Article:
January 24th, 2011 | , , ,


Beermaker’s used grains feed cattle on Northampton County farm

FRONT PAGE STORY Sunday, January 23, 2011
The Express-Times

Fegley’s Brew Works adds beer to its chili, sauerkraut and barbecue sauce. Its new beef burgers, however, need no beer infusion.

The restaurant’s new ground beef comes pre-filled with beer — well, in a way. Earlier this month, the restaurant started buying its ground beef from Koehler Farms in Bethlehem Township, Pa., where since late November, steer have been fed on Brew Works’ used beer grains.

It’s like a full circle: Brew Works makes its beer with malted barley and sells the used grains to Koehler Farms for cattle feed. The steer eat the beer grains and then end up served on a bun beside a glass of beer back at Brew Works.

“Our burgers are going to be tasting more and more like beer,” joked Mike Fegley, Brew Works’ director of marketing and public relations.

Breweries regularly sell used grains to farms. Weyerbacher Brewing Co. in Easton has a deal with a farm in Kutztown, Pa., and Brew Works had been distributing its used beer grains to several Lehigh Valley farms.

But breweries produce a lot of grain. Brew Works sends 750 pounds of spent grain a day to Koehler Farms, and Weyerbacher produces more than 2,000 pounds a day, head brewer Chris Wilson said.

As Brew Works ramped up production, the company needed to find a large farm to take its output, Fegley said.

The connection with Koehler Farms was made in a round-about way: the stepfather of Brew Works’ head brewer in Bethlehem is neighbors with the Koehlers’ cousins. The cousins called the family, who agreed to take Brew Works’ whole lot.

Nutritional benefits

The nutritional benefits of used beer grains for cattle are well-known, Dennis Koehler said. Brewing beer strips only about 10 percent of the protein out of the grains, and the beer leaves the grains well-saturated.

“The moisture makes the cows eat a little more,” Koehler said. “They seem to be really healthy on it.”

The Koehlers combine the beer grains with their regular corn and soybean mix, with the beer grains making up about one-third of the mixture. The cattle’s diet is split 50-50 between the grain mixture and hay, Koehler said.

The beer grains don’t get the cattle drunk. All the alcohol is extracted for the beer, but the question has led to some good jokes about why cows regularly lie down.

Koehler Farms has long sold beef from its Freemansburg Avenue farm, but two years ago it started adding more cattle to its herd with the hope of developing a partnership with a local restaurant, Dennis Koehler said.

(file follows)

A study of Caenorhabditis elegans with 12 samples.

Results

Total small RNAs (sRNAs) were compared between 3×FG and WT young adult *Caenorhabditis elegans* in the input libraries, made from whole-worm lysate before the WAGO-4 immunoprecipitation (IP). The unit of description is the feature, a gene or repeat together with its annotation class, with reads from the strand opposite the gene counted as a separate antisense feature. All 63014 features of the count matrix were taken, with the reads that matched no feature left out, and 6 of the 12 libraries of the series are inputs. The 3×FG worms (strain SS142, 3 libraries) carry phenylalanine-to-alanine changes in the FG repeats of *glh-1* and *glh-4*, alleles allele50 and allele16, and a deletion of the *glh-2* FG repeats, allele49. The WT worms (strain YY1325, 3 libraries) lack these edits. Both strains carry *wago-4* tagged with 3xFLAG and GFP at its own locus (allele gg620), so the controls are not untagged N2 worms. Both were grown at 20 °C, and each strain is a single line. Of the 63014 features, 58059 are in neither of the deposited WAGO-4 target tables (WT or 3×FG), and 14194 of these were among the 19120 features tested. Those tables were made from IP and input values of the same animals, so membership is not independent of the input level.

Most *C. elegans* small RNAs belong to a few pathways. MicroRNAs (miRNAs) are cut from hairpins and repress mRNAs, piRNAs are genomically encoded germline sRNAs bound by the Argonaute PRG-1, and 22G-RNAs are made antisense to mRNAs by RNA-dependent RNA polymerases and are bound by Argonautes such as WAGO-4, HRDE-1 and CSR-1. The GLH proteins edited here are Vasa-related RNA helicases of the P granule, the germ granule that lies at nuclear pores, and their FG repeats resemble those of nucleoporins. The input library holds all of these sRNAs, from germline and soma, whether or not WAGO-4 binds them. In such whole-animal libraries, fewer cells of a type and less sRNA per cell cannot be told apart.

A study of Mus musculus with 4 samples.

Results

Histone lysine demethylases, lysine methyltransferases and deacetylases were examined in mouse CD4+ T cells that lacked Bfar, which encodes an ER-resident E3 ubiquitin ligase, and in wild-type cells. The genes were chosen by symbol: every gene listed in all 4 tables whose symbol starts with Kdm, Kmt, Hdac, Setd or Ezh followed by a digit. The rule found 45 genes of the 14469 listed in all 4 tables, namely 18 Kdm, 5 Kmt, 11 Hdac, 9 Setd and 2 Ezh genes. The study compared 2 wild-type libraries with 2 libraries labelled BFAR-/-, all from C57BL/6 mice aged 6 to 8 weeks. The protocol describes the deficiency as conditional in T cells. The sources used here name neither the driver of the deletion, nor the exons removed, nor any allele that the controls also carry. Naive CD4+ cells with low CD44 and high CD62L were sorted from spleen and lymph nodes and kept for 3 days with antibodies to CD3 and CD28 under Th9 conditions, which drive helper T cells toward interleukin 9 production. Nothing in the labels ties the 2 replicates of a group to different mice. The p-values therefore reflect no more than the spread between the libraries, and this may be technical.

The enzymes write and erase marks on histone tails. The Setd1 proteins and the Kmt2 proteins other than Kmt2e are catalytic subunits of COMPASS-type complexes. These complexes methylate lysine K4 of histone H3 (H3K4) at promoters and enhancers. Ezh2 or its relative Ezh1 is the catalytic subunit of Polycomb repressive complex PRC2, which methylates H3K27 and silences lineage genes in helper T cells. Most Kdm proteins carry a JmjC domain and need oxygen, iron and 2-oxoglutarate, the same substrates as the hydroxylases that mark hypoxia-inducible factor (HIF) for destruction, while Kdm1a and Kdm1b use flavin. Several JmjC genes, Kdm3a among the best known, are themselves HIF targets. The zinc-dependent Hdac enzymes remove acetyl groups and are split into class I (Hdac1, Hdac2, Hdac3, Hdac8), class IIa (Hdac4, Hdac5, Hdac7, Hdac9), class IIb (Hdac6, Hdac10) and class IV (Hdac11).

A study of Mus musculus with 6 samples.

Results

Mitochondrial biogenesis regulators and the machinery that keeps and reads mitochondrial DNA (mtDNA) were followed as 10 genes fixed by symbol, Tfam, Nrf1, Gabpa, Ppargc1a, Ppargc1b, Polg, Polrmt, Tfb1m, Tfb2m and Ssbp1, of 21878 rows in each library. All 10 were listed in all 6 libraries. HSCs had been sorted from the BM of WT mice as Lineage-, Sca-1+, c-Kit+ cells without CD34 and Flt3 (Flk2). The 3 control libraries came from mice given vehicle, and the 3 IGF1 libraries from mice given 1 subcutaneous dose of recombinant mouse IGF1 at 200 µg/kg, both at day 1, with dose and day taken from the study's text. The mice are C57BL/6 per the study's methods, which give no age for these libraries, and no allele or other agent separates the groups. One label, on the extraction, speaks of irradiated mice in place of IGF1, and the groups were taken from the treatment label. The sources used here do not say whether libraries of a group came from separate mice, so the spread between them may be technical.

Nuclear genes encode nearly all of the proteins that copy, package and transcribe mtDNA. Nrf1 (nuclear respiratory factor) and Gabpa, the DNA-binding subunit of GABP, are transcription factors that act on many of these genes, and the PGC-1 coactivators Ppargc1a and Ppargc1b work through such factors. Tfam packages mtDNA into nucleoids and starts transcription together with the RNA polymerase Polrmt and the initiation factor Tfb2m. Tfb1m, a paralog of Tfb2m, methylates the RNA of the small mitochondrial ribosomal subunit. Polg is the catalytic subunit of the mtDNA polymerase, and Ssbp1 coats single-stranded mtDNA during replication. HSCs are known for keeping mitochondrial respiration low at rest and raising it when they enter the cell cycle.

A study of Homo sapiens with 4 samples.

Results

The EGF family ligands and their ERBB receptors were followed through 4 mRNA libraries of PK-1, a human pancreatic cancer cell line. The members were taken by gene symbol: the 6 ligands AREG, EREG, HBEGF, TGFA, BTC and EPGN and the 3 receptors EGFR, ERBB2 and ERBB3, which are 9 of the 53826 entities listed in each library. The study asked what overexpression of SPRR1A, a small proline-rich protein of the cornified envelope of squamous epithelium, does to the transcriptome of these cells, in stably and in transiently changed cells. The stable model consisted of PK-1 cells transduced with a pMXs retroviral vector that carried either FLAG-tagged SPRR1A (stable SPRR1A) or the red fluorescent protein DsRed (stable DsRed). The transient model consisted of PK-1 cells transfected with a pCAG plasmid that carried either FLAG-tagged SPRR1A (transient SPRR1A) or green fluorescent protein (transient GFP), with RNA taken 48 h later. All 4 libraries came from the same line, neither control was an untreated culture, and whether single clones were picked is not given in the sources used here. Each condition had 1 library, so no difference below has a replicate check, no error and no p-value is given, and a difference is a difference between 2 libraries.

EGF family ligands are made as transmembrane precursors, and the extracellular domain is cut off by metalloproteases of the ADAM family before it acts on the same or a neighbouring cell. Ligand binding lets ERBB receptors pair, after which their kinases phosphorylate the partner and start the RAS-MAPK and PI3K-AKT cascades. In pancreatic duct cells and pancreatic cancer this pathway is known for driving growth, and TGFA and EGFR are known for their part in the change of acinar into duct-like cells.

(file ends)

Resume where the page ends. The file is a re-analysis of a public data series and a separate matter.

In the two years, the farm’s herd has grown from about 50 to about 170 steer. Last year, Koehler Farms started selling its beef to Vassi’s Drive-In in Hellertown, but Brew Works, with its two restaurants in Allentown and one restaurant in Bethlehem, is a far bigger customer, Dennis Koehler said.

Even with the new sales to Brew Works, beef remains a minor part of the farm’s business, which is primarily corn and soybean sales, Koehler said.

Growing partnership

Brew Works is interested in growing the partnership, and also buying steaks from Koehler Farms when the family can add to the steer herd.

“I think it’s going to be a great partnership,” Koehler said. “They’re a family business, we’re a family business.”

Last week, the two companies made preliminary plans for Koehler Farms to sell 10 pounds of steak a week to the Brew Works.

The steaks will be a special menu item at the restaurant, Brew Works Executive Chef Jill Oman said.

The Koehler beef burgers started off as a special menu item but will be used for all Brew Works burgers starting Feb. 1.

Brew Works has had a long interest in serving locally grown food at its restaurants. The company gets its chicken, turkey and some pork from a Lancaster County farm and gets its produce from Pocono Produce and Little Peace Farm in Schuylkill County, Oman said.

The Koehler Farms beef is not only local but tastes better, Oman said.

“We’re so proud that it’s Bethlehem beef and that it’s brewer’s beef,” Mike Fegley said.

With beef a much higher-priced commodity than used beer grains, it works out that only Brew Works pays Koehler Farms in their exchange. The farm’s beef also costs more than Brew Works’ previous beef, but it’s an added cost the company is willing to pay, company President Jeff Fegley said.

“It’s a feel-good right now,” he said. “We know what they’re doing with their beef and where it’s coming from.”